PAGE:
Wealthy State or Rich Vision

Economic growth in itself does not warrant advancement in quality of life for all. Development leap requires a rich vision, carrying capacity, and efficient government conduct.

In his article in Haaretz, Nehemia Shtrasler maintains that free-market economic policies in Israel will lead to continued economic growth, a fall in unemployment, external debt reduction, and an increase in foreign investment. Shtrasler explains that the success of economic policy is contingent on adoption of reforms aimed at reducing public sector role in the economy through privatization.

A paper published by the Reut Institute, based on the World Economic Forum's Competitiveness Index, demonstrates that the public sector Israel significantly lags behind the private sector in terms of competitiveness.

Furthermore, the size of Israel's public sector amplifies its economy's exposure to inefficiencies in this sector. Thus, the potential for a significant socio-economic leap lies not only in privatization, but also in improving the performance of the public sector.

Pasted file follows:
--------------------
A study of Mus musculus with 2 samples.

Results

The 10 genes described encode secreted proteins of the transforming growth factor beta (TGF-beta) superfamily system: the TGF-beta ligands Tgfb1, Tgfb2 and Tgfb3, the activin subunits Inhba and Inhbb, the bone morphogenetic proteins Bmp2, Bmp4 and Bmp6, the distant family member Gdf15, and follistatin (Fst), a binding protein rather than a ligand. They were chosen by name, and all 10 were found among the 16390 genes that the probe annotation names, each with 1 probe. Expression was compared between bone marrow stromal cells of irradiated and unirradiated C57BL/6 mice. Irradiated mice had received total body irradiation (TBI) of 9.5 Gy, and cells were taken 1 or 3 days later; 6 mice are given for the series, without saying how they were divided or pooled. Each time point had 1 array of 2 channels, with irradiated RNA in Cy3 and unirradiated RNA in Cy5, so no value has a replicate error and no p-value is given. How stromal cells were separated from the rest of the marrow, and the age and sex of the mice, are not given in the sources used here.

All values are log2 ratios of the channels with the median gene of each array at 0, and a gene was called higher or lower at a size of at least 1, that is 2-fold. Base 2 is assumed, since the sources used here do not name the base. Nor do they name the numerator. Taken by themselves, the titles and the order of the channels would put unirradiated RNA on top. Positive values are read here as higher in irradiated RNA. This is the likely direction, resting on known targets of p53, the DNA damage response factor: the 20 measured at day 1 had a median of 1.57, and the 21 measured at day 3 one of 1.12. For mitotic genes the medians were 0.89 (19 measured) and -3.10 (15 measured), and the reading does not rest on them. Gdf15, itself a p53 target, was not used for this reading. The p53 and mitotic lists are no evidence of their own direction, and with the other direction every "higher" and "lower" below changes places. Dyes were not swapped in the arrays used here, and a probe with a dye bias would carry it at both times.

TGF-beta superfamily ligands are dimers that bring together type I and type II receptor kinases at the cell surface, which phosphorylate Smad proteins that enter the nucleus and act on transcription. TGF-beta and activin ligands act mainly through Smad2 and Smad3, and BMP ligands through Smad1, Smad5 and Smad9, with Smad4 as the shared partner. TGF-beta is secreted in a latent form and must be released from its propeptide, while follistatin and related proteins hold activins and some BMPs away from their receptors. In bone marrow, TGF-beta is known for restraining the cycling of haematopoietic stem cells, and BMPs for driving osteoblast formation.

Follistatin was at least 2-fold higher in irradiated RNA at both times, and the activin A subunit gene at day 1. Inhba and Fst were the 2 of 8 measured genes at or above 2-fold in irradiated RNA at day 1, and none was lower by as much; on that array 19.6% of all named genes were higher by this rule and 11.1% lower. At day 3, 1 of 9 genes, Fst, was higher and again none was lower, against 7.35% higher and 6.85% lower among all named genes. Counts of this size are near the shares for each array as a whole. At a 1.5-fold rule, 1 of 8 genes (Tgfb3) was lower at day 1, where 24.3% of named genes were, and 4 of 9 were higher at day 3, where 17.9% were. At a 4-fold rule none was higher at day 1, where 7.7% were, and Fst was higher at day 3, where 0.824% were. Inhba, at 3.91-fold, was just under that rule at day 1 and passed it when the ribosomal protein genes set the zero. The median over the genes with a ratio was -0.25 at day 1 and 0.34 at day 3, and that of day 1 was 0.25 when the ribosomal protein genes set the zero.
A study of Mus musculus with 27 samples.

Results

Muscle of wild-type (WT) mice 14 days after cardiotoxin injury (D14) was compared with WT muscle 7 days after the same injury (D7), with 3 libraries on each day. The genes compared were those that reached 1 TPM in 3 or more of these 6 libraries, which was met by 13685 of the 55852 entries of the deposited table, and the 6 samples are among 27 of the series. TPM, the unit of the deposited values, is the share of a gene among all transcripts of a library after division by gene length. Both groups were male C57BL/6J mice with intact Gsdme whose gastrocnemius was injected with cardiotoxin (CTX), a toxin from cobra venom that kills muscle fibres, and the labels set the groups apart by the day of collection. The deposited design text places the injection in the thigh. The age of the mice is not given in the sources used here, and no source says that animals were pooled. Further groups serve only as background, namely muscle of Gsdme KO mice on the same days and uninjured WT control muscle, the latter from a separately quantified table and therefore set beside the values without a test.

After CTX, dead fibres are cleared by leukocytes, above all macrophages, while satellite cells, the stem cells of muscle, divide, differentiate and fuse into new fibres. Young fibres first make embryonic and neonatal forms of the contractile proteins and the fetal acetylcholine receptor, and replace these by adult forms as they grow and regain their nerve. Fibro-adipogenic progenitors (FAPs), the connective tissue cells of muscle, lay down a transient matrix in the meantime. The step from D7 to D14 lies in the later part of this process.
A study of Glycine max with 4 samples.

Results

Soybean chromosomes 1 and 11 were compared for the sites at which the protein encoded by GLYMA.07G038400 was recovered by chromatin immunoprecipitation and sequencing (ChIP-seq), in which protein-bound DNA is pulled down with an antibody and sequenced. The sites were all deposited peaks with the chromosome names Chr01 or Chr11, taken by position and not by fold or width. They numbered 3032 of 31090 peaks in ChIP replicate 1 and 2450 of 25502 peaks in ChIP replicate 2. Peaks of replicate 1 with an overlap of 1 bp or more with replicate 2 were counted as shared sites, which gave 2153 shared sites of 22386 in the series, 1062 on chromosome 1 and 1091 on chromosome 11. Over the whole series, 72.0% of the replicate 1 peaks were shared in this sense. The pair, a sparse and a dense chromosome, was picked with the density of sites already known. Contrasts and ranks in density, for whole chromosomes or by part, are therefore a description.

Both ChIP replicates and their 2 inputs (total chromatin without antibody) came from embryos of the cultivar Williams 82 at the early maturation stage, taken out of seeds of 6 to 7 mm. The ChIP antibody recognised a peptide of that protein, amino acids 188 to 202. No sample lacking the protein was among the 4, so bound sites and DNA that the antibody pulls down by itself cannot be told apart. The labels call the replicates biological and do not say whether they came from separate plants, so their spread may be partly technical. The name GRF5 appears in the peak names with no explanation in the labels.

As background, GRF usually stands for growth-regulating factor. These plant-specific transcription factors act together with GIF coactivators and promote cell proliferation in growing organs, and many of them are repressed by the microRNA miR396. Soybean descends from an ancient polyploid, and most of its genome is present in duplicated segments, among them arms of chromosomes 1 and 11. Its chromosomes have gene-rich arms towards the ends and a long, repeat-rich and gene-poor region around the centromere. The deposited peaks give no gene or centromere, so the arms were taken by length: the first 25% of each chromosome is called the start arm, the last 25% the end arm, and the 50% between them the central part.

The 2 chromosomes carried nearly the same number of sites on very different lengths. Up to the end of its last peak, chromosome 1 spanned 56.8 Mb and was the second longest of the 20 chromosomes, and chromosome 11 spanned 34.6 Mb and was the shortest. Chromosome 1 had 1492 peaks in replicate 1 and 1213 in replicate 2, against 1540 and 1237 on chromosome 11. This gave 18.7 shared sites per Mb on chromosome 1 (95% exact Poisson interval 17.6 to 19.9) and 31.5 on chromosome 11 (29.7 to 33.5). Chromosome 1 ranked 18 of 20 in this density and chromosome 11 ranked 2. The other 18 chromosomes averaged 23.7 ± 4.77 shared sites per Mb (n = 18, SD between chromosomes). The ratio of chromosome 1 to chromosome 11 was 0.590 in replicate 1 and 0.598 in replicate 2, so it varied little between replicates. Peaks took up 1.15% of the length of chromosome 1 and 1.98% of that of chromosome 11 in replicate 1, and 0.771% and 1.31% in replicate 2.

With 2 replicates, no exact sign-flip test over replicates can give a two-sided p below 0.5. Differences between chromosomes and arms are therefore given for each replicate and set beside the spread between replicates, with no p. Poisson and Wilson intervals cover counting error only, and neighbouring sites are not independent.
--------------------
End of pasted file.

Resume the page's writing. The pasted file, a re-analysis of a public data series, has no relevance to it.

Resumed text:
The Reut Institute maintains that economic growth is an essential but not a sufficient condition for advancement in quality of life.

A long-term economic policy aiming to achieve a leap in quality of life, cannot focus solely on growth. Rich understanding of social, economic and political objectives is required to bring about a significant and sustainable improvement in quality of life for all.

Translation of this rich vision into policy, and its implementation, depends on government's carrying capacity and conduct:

  • Carrying capacity involves the availability of resources, the level of support decision makers obtain, and the ability of branches of government to cooperate.
  • Efficient conduct of the public sphere is founded on trust between employees, employers and government, and on the transpiring of public discourse revolving around issues such as growth and quality of life, as components of Israel's agenda.